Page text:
A lawmaker’s proposal aside, Gov. Mike DeWine says the deadly synthetic opioid fentanyl is “not an option” as state officials search for an alternate means of carrying out executions.
State Rep. Scott Wiggam, R-Wooster, on Monday began seeking co-sponsors for a bill to appropriate illegal fentanyl seized by police in drug busts for use in lethal injections of the condemned.
“Fentanyl is not an option,” the governor said Friday afternoon. “We do not believe it would pass constitutional muster. We do not believe it would be upheld by a court, so there’s really no reason to come forward with that proposal.”
Nebraska conducted the first execution in the U.S. involving fentanyl last year, with officials saying its supply of the painkiller was acquired legitimately from a licensed pharmacy. Illicit fentanyl has been responsible for thousands of drug overdose deaths in Ohio amid an opioid addiction crisis.
DeWine, a Republican, said he has met with Senate President Larry Obhof, R-Medina, and House Speaker Larry Householder, R-Glenford, about Ohio’s stalemate in conducting executions.
“There was a real fear, and I think it is a legitimate fear” that pharmaceutical companies would refuse to sell drugs to the state — for Medicaid patients, state prisoners and others — if their products were used in the state’s cocktail of lethal injection drugs, DeWine said.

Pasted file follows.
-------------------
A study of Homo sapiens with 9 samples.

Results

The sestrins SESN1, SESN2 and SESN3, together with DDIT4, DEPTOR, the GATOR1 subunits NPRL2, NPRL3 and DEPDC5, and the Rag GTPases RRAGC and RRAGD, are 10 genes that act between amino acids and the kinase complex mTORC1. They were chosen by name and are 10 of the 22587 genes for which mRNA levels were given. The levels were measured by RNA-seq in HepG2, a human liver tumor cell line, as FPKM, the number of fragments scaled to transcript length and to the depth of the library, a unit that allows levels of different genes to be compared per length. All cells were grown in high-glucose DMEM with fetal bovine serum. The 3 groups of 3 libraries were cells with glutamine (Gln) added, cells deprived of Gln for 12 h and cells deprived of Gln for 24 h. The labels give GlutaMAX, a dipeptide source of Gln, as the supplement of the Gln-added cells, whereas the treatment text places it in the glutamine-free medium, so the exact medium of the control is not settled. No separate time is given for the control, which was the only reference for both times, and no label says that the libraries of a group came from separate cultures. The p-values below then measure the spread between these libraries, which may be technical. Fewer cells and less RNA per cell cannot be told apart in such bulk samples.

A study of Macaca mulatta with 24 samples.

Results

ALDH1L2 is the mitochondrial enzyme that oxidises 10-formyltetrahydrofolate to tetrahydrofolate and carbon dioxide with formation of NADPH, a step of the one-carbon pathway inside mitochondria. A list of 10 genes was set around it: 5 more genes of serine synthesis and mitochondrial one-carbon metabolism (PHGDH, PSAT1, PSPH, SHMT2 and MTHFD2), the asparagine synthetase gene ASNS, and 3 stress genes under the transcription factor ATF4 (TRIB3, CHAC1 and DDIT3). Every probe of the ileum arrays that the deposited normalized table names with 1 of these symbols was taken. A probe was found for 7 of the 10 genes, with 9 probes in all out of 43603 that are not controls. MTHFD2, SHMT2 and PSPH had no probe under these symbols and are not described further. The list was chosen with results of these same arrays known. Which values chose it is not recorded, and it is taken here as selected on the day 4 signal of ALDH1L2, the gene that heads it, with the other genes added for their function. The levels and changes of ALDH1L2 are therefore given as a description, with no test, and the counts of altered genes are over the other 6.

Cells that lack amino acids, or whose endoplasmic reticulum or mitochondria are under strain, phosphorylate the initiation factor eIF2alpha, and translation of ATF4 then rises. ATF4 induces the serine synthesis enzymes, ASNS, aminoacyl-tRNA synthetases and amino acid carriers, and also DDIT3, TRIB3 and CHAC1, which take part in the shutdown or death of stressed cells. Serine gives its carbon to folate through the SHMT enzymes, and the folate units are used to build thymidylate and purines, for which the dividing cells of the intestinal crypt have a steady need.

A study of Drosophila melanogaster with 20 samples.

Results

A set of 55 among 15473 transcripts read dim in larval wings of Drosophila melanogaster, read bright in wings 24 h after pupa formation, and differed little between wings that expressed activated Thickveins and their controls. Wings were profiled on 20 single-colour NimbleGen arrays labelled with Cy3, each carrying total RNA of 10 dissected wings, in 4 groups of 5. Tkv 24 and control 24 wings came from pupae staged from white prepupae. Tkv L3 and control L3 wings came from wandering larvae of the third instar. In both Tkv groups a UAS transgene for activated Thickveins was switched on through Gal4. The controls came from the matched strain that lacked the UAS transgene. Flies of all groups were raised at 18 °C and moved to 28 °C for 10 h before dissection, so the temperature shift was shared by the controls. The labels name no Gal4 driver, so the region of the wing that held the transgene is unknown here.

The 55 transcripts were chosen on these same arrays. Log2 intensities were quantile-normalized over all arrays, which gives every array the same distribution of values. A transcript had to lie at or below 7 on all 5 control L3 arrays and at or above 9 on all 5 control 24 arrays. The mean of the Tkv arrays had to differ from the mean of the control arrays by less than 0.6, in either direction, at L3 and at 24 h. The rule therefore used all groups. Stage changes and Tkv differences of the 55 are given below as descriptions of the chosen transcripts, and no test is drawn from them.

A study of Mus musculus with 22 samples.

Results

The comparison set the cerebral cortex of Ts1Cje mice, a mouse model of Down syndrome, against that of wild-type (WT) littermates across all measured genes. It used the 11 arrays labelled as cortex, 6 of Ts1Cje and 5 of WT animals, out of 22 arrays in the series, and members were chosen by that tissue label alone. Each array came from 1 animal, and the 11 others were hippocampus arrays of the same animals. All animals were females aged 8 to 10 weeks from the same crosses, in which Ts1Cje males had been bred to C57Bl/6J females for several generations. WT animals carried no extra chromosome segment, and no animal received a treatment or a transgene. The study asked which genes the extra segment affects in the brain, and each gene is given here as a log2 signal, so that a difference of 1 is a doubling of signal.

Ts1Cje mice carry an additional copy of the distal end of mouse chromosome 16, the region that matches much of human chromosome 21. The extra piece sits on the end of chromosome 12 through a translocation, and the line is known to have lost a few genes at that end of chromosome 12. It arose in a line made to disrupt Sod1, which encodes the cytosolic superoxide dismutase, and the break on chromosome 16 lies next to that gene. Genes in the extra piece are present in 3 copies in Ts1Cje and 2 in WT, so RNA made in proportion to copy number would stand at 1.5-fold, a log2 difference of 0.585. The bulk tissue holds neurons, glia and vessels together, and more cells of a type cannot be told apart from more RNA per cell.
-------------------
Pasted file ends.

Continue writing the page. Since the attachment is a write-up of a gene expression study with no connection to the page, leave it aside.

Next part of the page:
The governor said he was uncertain if legislation would emerge this fall when lawmakers return to adopt another execution method, such as lethal gas.
DeWine has twice delayed the execution of convicted Columbus killer Warren Henness amid a federal court judge expressing concerns Ohio’s current lethal injunction protocol is cruel and unusual punishment. Ohio’s next two executions are scheduled for Nov. 13 and Dec. 11.
The governor also said Friday that he plans next week to announce further steps, which he declined to detail, to address gun violence and “make our communities safer in Ohio.”
Following the deaths of nine people in a mass shooting in Dayton on Aug. 4, DeWine asked lawmakers to enact a “red-flag” law to allow guns to be seized from people deemed dangerous following a court hearing and expanded background checks to include gun show sales and individual-to-individual transactions.
A survey by Ohio newspapers of state lawmakers found the “red flag” proposal has a chance of winning passage in the Senate, but faces an uncertain fate in the House.